Freelance Journalist Focus: Sarah Flower
“PRs are invaluable” according to today’s Focus interviewee Sarah Flower; nutritionist, freelancer and, previously, a PR. Sarah tells us about her current work, and a bit about her experiences on both sides of the PR/journalist divide…
About your journalism:
What do you write about?
A wide variety, but mainly anything that applies to women’s interest. Currently I seem to have taken on a money saving role, with two columns (one in My Weekly and the other for Kindred Spirit). I adore writing about health or food – being a nutritionist I am very passionate about healthy eating and long-term diets. I really enjoy putting together pages, with spend vs saves, copy cats, reviews and advice. Real people often struggle to meet certain expectations and I think it is up to us as journalists to help them and make them feel good about opting for something within their price range.
I have written features on beauty, fashion and home style so can really get involved in most concepts. I write a number of recipe books, all promoting healthy and home-cooked food choices and all everyday foods – not too fancy. I have had success with my Halogen Oven cookbooks (currently in top 15 on Food & Drink category and in the top 100 of Amazon book sales). I like to offer readers real, honest help – such as tips on saving money, saving time in the kitchen and real food choices that are easy to follow, understand and implement.
I also love using my nutritional knowledge either by writing features or helping PR’s with quotes, etc.
Where are we likely to see your work?
My Weekly – weekly column called Live More, Spend Less.
Kindred Spirit – Bimonthly column on eco/green money saving.
My books – see my home page on Amazon.
What’s the most memorable work you’ve done?
It was many years ago now but I managed to create a 160 page monthly glossy from my home in North Devon, with one one full time member of staff. Tonic Magazine was in all the newsagents, supermarkets etc, but due to my inexperience as a publisher and some bad advice, this sadly collapsed after 6 months – however, to create this from start to finish every month, I think was a massive achievement and I am very proud of that. The skills learnt when editing and writing Tonic, has enabled me to write on most subjects. I am a stickler for deadlines and labelling images when sending to editors. Silly things that would have driven me mad.
What interview or feature would you love the chance to do?
I would love to do more to show people that healthy eating isn’t so difficult and to bridge the gap between healthy eating and money saving – so many families wrongly believe that healthy eating is expensive when it is the complete opposite. I would also like to interview celebrity chefs and find out more about how they eat at home, whats in their store cupboards and whether they really need to use that much salt and butter in their recipes!
About you and PRs:
Where do you source ideas for articles?
PR’s are invaluable – I used to run a PR company so I hope I am more sympathetic to the hard work and little rewards they have. Without them, it would be very hard to function, especially with my money saving columns.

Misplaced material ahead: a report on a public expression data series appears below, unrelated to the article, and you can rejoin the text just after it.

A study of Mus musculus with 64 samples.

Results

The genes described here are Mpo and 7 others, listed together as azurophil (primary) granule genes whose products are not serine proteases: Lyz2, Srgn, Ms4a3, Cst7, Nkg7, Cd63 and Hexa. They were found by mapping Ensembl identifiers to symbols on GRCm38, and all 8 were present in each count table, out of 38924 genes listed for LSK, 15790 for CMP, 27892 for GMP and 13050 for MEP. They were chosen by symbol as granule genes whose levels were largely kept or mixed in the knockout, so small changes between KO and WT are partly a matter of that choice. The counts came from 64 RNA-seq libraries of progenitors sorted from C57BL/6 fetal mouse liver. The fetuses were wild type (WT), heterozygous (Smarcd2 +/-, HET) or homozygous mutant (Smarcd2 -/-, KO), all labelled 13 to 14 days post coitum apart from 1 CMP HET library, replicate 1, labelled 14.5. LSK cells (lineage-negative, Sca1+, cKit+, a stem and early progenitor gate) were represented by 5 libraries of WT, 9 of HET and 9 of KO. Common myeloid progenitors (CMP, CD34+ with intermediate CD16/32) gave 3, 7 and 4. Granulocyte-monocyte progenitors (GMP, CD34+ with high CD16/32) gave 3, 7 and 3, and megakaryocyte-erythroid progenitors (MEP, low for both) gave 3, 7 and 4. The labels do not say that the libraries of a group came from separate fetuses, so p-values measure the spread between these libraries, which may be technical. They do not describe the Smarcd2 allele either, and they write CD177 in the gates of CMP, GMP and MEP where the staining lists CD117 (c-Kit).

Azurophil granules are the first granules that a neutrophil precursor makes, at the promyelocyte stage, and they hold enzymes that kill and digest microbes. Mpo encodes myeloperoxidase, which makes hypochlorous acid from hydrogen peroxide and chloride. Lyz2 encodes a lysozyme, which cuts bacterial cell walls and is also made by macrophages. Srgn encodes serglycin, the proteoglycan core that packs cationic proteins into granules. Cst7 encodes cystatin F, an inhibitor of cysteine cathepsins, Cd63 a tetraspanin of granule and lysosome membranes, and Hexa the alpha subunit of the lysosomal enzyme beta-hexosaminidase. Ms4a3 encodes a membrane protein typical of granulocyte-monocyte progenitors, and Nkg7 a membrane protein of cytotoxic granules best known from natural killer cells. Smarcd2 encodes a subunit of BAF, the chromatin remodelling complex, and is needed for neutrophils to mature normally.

How can PRs be useful to you?
I use response source a lot and constantly ask PR’s for info. It would be nice to hear about new products, promotions etc without having to keep requesting them.
How and when do you like them to get in touch?
I prefer email as I can answer at my own leisure. Working from home and juggling writing books and being a single mum means time is often spent fire-fighting. Answering the phone constantly to PR’s asking if you have recieved an email can get a bit annoying – I prefer email and if I want more info, I will ask or arrange a time for a chat.
Do you find press conferences, trips, parties and other events useful or an interruption?
Useful but sadly being in the SW I am not always in London to attend. It would be nice if those who can not attend are sent info, especially when it is due to logistics. I try to get into London as often as I can but it is not always easy.
If you could make one change to the way PRs deal with you, what would it be?
I value PR’s input, but if pressed to moan, I would say – stop unnecessary cold calling, keep me on mailing lists, especially when I have weekly requests that are often repeated week after week. Actually, one thing that does annoy me is silly fonts on emails, making the script harder to read or press releases that are attached rather than in the copy of the email. Sounds so silly but I get hundreds of emails every day and I scan them quickly – I don’t want to have to open attachments to find out what the email is about.
How would you pay the bills if you weren’t a journalist?
Is there a difference – do journalists pay differently and no one’s told me! Lol.
If we gave you £1000, how would you spend it?
I would love an iPad, but probably end up spending it on boring household stuff.
What books are on your bedside table, magazines in your bag, or blogs on your screen?
Currently reading One Day by David Nicholls and also The Distant Hours by Kate Morton. Love blogs – favourite is a slice of cherry pie (adore the book too).